The recently revised manual “Management of City Pigeons in (large) Cities in Germany” (1) is now available in English. The English manual informs interested persons and authorities worldwide about the animal-friendly city pigeon concept that is successfully practiced in several German cities. The English version of the manual is intended to give detailed advice to interested persons and authorities worldwide in order to achieve better living conditions for the animals abroad.
The German practice manual about the population control concept “Management of City Pigeons in (large) Cities in Germany” (1) published by the organization “People for Animal Rights Germany” (Menschen für Tierrechte) was revised 2021. Information about the concept is frequently requested not only from Germany, but also from abroad, because there is no comparable English manual or guideline for an animal-friendly overall concept to regulate city pigeons. Therefore, the manual was now translated into English (2) to give detailed advice to interested persons and authorities worldwide.
City pigeons are not wild animals
City pigeons (Columba livia forma urbana) populate cities worldwide. They are often mistakenly classified as wild animals. But, as they are descendants of racing and breeding pigeons, which at some point escaped or were abandoned, they have to be classified as pets. The domestication of city pigeons began about 5,000 years ago. Still today, abandoned or escaped breeding animals are mingling with flocks of city pigeons. Through this process the animals have certain genetically determined characteristics, which are the main cause of the city pigeon problem, such as increased breeding activity.
On the one side the birds are suffering from poor living conditions in cities, such as starvation, diseases, injuries, high mortality rates, especially at high population densities. On the other side there is the problem for people and communities of pollution by pigeon droppings and harassment. Thus, many municipalities impose feeding bans or even kill the animals. Depending on the respective legislation such measures violate animal protection laws, but at least they are unethical and, in any case, unsuitable to reduce pigeon populations in the long term. That is why more and more cities are relying on the successful and animal welfare-friendly „birth control concept“ based on tying the pigeons to pigeon lofts, controlled feeding, and birth control by replacing the eggs with dummies.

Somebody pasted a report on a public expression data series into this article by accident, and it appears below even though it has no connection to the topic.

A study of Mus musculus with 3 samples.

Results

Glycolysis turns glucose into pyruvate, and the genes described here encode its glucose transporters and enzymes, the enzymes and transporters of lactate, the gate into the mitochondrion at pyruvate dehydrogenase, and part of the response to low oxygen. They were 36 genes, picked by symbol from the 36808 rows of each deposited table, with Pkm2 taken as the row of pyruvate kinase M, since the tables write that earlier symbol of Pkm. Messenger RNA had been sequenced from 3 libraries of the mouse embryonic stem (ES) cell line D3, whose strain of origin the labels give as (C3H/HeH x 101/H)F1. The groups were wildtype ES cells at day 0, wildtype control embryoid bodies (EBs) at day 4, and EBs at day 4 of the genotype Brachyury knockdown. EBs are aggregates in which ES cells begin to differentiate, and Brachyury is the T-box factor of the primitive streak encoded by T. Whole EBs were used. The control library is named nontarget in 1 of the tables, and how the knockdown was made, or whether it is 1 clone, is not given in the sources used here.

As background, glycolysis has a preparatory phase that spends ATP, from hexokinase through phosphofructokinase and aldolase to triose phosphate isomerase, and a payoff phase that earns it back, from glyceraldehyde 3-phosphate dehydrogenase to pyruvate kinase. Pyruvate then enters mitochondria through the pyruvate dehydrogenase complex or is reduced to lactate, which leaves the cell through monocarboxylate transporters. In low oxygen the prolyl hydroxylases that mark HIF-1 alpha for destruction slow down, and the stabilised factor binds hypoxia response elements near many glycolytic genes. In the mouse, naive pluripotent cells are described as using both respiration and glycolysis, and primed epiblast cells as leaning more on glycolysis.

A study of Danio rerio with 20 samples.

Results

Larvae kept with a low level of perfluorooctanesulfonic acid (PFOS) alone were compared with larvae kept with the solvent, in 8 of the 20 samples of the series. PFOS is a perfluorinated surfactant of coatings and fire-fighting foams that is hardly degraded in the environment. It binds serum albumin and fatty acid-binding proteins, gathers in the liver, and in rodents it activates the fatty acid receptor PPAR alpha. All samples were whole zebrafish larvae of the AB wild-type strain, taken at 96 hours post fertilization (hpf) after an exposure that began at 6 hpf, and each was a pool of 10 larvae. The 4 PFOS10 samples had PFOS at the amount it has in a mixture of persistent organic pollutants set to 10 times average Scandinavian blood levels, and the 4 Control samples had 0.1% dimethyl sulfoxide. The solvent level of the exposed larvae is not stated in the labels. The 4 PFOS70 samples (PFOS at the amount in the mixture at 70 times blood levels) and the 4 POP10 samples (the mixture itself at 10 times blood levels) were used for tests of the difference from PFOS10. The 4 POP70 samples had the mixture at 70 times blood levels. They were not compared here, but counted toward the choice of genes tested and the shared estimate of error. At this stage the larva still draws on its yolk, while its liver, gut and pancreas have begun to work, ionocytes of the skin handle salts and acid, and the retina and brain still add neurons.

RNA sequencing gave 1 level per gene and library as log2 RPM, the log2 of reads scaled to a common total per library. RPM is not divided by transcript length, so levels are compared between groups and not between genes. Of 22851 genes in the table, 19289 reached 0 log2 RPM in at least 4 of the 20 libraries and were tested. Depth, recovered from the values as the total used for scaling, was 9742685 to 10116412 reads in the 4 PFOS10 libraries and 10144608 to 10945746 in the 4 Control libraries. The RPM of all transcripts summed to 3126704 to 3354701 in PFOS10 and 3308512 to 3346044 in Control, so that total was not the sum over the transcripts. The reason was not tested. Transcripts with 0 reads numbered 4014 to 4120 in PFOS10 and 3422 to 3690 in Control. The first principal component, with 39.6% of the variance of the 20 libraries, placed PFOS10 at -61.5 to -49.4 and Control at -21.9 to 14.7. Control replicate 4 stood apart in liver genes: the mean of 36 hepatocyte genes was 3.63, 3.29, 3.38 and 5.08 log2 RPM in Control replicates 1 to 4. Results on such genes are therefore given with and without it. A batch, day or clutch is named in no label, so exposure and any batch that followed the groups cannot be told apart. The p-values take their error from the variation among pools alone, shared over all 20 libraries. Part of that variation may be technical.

Handbook presents overall concept
„Even if the legal status of animal welfare is different in other countries, we hope that for reasons of sustainable population control and the resulting decrease in pollution as well as for ethical reasons, the handbook can lead to better living conditions for the animals abroad“, says Dr. Claudia Gerlach, biologist and specialist at People for Animal Rights.
In addition to explaining the causes of the city pigeon problem, the handbook presents the overall concept, its aims and framework requirements. Details for practical implementation, such as supervised dovecotes, their building and equipment, feeding and egg exchange are given. The topics deterrence and feeding ban are important parts of the overall concept to ensure that the animals are tied to the dovecotes and spend most of the time inside. These topics are covered in extra chapters, while special attention is paid to wild nesting cells that should be consequently avoided, e.g., by animal-friendly deterrence measures. Furthermore, an overview of the costs is given with examples for different kinds of dovecotes.
Information about practical implementation
Other chapters inform about different methods to check the effectiveness of the concept, how to increase the chances of success and about the best ways to intervene if problems occur. Accordingly in the appendix “Problem-Solving Approaches for Ongoing Projects” three examples are used to show how implementation problems can be clarified and tackled with the help of the manual. Amongst others the appendix includes a 10-point-checklist for the establishment of supervised dovecotes, the methodical approach to pigeon counting and a clarification about the actual health hazard from city pigeons.
The animal rights organization People for Animal Rights Germany is very grateful that a member translated the 32-page brochure on a voluntary basis.